In writing my last post about legislative and consumer pressures to modify credit scores, often to make them “fair,” I began thinking about what does make a score fair. Legislators and regulators look for fair lending. The U.S. Fair Credit Reporting Act governs much of what FICO does when we develop scoring models.
The challenge is that fairness can't be measured to everyone's satisfaction. Each of us carries our own, highly personal definition of what's fair and what isn't. Quite likely, if a consumer has ever been turned down for credit, it didn't seem fair—no matter how the lender made the decision.
Of course, that doesn’t mean we give up on fairness. At FICO, we have always believed that fairness is essential to the products we make and the way we make them. We acknowledge there is no universal standard, so here in a nutshell is what fairness means to us:
Treat people equitably
That's what scoring and decision systems are all about—applying one system and one set of rules to everybody. Sometimes, treating all people equitably doesn't mean treating them exactly the same. For example, FICO® Scores use multiple scorecards so that people with different credit patterns get scored more accurately. Otherwise, people with a short credit history or just a couple of past delinquencies might appear riskier than they actually are.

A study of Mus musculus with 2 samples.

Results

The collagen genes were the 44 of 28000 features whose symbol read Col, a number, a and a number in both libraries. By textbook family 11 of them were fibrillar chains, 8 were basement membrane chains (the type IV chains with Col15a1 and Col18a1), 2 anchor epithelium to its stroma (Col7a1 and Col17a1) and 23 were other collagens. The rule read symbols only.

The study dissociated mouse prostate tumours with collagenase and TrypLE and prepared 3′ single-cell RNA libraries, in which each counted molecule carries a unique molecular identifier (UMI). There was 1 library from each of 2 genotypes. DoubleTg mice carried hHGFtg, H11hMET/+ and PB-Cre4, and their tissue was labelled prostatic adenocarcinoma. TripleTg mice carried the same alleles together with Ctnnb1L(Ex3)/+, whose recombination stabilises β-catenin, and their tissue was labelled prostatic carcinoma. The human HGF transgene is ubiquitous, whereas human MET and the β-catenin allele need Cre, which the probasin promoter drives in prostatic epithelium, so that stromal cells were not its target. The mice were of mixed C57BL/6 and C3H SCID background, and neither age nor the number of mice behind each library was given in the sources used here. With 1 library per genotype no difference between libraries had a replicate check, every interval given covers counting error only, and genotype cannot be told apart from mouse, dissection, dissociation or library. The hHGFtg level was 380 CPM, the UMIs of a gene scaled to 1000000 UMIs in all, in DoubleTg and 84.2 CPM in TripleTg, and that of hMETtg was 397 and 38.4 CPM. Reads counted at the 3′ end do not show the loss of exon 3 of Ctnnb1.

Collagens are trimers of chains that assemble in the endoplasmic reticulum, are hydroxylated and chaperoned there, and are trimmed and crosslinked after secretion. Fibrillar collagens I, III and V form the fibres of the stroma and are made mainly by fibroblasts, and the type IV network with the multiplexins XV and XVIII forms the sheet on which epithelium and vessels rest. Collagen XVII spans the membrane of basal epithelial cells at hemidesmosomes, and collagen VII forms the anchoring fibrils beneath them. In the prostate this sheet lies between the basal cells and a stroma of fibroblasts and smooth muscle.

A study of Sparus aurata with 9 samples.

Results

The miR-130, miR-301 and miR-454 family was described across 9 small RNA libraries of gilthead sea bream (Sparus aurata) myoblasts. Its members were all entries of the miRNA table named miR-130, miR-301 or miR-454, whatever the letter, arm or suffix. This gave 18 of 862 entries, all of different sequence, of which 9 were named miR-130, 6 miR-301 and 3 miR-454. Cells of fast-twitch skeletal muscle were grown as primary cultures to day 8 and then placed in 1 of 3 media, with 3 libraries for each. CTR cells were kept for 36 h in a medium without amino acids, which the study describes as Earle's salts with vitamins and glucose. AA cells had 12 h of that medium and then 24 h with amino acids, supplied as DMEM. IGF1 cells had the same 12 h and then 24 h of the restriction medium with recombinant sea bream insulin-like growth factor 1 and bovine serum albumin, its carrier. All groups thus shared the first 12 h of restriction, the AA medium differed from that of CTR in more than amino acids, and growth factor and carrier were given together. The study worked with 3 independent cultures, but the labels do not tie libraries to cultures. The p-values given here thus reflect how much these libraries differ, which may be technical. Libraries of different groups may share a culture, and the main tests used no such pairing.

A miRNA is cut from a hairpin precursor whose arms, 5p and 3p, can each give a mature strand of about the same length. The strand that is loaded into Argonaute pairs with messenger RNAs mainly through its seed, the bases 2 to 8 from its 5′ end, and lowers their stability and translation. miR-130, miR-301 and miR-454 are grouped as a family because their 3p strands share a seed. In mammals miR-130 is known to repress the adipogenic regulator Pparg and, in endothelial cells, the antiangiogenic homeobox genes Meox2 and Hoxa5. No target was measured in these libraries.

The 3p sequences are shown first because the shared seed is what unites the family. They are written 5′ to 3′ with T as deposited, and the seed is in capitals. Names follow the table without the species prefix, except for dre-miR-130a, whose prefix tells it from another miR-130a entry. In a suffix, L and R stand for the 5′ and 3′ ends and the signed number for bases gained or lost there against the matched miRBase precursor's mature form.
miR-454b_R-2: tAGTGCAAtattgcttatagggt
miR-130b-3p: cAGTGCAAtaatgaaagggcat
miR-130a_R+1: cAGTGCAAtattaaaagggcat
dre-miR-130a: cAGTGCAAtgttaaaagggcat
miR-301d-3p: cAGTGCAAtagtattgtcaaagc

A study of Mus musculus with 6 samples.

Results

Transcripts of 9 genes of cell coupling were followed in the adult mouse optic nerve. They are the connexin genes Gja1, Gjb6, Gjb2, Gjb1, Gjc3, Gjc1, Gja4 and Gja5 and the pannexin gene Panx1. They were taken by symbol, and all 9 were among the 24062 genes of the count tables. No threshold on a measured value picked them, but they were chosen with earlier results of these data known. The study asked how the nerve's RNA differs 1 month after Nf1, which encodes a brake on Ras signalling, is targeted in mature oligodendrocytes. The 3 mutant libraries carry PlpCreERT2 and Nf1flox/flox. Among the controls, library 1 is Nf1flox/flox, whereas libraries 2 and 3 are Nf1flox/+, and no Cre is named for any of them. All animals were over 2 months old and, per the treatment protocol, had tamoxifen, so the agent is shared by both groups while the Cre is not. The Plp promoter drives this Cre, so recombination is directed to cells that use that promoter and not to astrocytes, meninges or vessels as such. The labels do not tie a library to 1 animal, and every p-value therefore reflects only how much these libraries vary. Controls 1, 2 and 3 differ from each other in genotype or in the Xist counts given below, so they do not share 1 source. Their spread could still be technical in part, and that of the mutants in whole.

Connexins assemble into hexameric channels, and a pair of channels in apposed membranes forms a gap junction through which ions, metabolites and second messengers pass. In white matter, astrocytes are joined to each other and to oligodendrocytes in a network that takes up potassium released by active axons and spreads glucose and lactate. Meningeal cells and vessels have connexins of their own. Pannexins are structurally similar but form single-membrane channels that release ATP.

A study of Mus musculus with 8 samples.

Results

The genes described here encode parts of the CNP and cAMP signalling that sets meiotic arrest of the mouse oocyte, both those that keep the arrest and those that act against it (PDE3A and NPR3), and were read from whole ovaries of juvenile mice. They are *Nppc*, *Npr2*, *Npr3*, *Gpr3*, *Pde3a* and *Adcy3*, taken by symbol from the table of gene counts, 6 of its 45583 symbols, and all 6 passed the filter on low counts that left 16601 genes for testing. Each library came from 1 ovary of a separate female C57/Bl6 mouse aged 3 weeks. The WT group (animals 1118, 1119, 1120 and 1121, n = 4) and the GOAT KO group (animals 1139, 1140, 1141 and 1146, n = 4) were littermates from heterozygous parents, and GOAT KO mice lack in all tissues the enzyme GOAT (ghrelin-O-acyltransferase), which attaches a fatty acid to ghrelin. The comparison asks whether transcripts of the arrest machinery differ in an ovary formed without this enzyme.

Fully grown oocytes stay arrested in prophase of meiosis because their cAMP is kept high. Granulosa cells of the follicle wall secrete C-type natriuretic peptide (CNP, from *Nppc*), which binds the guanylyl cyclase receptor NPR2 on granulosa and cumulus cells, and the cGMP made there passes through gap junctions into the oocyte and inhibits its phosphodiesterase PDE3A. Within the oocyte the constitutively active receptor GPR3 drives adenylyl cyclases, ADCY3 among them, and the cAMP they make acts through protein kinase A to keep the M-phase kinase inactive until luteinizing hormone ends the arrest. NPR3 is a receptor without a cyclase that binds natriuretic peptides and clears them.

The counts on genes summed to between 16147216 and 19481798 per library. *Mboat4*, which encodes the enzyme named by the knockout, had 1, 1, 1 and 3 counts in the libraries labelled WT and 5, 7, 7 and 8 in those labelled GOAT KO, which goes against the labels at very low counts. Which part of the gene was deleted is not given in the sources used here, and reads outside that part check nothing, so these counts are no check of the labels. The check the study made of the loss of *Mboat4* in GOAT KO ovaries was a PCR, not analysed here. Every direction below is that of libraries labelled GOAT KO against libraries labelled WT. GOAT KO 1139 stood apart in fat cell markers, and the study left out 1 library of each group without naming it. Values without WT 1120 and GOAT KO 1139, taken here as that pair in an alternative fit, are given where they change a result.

Set personal prejudice aside
Compared to the neighborhood banker who knew all his borrowers, scoring may seem cold and impersonal. But we believe an objective assessment like scoring serves everyone better. After all, it's great for a consumer if a loan officer likes you—but what if that's not the case? It shouldn't matter, and with scoring it doesn't.
Stick to the facts
Our scoring models and other tools analyze only data with a proven link to future performance. That helps decision makers ignore information that shouldn't influence their decisions.
Look at all the facts
It’s understandable that people miss a payment now and then. What counts are overall credit patterns, not just credit mistakes. FICO® Scores don't just ding you for missing a payment; they also give you points for maintaining a good payment record. They look at many factors, and the relationship between them, to give the best possible forecast of each person's future credit performance.
Give people a second chance
No score lasts forever or "locks someone out" of credit. Consumers who change the way they manage credit will change their credit scores over time.
What seems fair varies from person to person, so we know we can't meet everyone's expectations all the time. But in everything we do, we don’t just meet the legal definition of what's fair in the lending world. We're committed to living up to our own definition as well.